Artists struggle as they try to balance their desire for relationship with the many real and perceived drawbacks of relationship. Some come to feel that they do best with a partner whom they see relatively rarely—and then they wonder if that is really a completely satisfactory solution. For example, Coco explained:
“An artist’s desire to keep things interesting, alive, spontaneous, independent and free: that’s me. Those are exactly the reasons why I shy away from longer-term relationships or the idea of marriage. I’m not sure I’m capable of compromising any of those things, no matter how much I love the other person. I’m afraid of commitment because I know myself and I know that I have a powerful need for change.
“Luckily my current partner, who is living half-way across the globe, feels exactly the same way. He is an artist who very much needs and loves his own space and independence. He, too, wants to know who he is and what his life would be like without the influence of a full-time partner. We love being together when we’re together and I feel lucky to have someone who is so like me and who understands my needs.”
“I’ve noticed, though, that we never seem to be creative at the same time. He seems to be less inspired to do his work when he is with me. I feel like he is losing out on more when he is with me, no matter how much I encourage and support him. I do wish that our situation could be different and that we could be creative together. I would love one day to feel more like part of a team rather than on my own with a boyfriend who most of the time is thousands of miles away; and who, when he’s with me, is kind of itching to get away again.”
What are your thoughts? Do live-apart relationships work? Leave a comment or drop me a line to firstname.lastname@example.org and let me know your thoughts!
Everyone has both needs: autonomy and connection. Sometimes when child care is sub-optimal there may be issues around autonomy or connection. There may also show up the pattern of care taking when we feel responsible for how the other person feels. When that has been in our conditioning, it becomes difficult to feel free when in a relationship, as there may be a sense of something being demanded even when there isn’t. It’s unconscious. It may not have anything to do with the other person. Or a clingy parent may not have permitted much freedom, causing us to crave it.
My feelings are kind of similar, I have been a widow for more than 15 years and part of my pain was to pour myself into my art. When my husband was alive I had to calculate and plan my creative time alone. Being an artist, is a wonderful gift and we learn more when we are able to listen, feel, see and learn to achieve new insights of life. I feel more free being on my own and able to create my own schedule. No rules!! Sometimes I feel that this is selfish of me but I enjoy pouring my feelings and inspirations on my canvas or board without any distractions. I do want to find a partner that is higher than myself and he is also consumed in his career where we can support each other’s dreams, respect and unconditionally love one another. When the partner is not happy with their career they tend to make the other feel guilty and selfish. Life is very fragile and we do not get a second chance. Don’t let anyone drive your car take the wheel and drive-forward. The right person for you is just around the the corner and never settle.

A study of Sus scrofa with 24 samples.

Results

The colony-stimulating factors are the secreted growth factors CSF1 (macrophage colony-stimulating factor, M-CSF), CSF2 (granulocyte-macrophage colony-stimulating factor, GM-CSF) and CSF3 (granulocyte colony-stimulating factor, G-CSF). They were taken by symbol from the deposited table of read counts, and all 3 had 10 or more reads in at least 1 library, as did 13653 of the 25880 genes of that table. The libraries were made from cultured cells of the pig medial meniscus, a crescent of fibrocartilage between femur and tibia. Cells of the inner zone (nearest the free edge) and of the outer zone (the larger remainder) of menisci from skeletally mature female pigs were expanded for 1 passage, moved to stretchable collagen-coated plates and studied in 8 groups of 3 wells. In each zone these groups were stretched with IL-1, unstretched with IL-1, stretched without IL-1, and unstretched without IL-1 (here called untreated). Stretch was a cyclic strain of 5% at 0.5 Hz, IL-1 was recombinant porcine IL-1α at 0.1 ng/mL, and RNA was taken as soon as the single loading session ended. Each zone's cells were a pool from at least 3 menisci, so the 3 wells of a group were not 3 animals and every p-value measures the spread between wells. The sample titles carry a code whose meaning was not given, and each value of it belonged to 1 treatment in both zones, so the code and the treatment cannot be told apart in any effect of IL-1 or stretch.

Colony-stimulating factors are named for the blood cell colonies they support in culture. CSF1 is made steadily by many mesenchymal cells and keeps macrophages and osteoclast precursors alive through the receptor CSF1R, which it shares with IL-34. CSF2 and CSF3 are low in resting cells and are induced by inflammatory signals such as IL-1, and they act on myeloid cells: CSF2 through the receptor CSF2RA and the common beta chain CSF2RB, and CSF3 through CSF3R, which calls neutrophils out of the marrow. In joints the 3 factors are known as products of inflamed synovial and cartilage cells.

In some types of creativity it works to share the same space between artists — music for instance. My boyfriend is a guitarist, songwriter, entertainer…we work on music almost every night. I play piano and sing and also write songs, and when I get the lyrics down I look to him to add the frosting on the cake, so to speak, and he just whips out some notes and chords and I’m in awe of him. I would back off so that he could write and record his own originals without my getting involved, since he is a seasoned musician and entertainer and I am a novice and eager to learn from him. I think it depends on the artists. Compatibility between two people who are at ease around each other, i.e. zodiac matches, makes a difference. We are both Air signs, he Aquarian/me Gemini, a natural match, and this isn’t a problem for us. It helps to be sensitive to each others’ moods, knowing when each is not in a sharing mood and backing off at those times, since the artistic temperament can fluctuate.
In Julia Cameron’s book, The Artist’s Way” she talks about people who are “crazy makers”. When I read the description, I thought “my husband”. He is a wonderful person, but demands a lot of attention, and everything must be about him.
I had a home studio that got no respect as a work space. Having a studio away from home is … I can’t even describe how great it is. Financially, it is a stretch, but even my husband recognizes that I need this space. I am happier and more productive.
Having my own space is a luxury in my heart, but a necessity to my soul.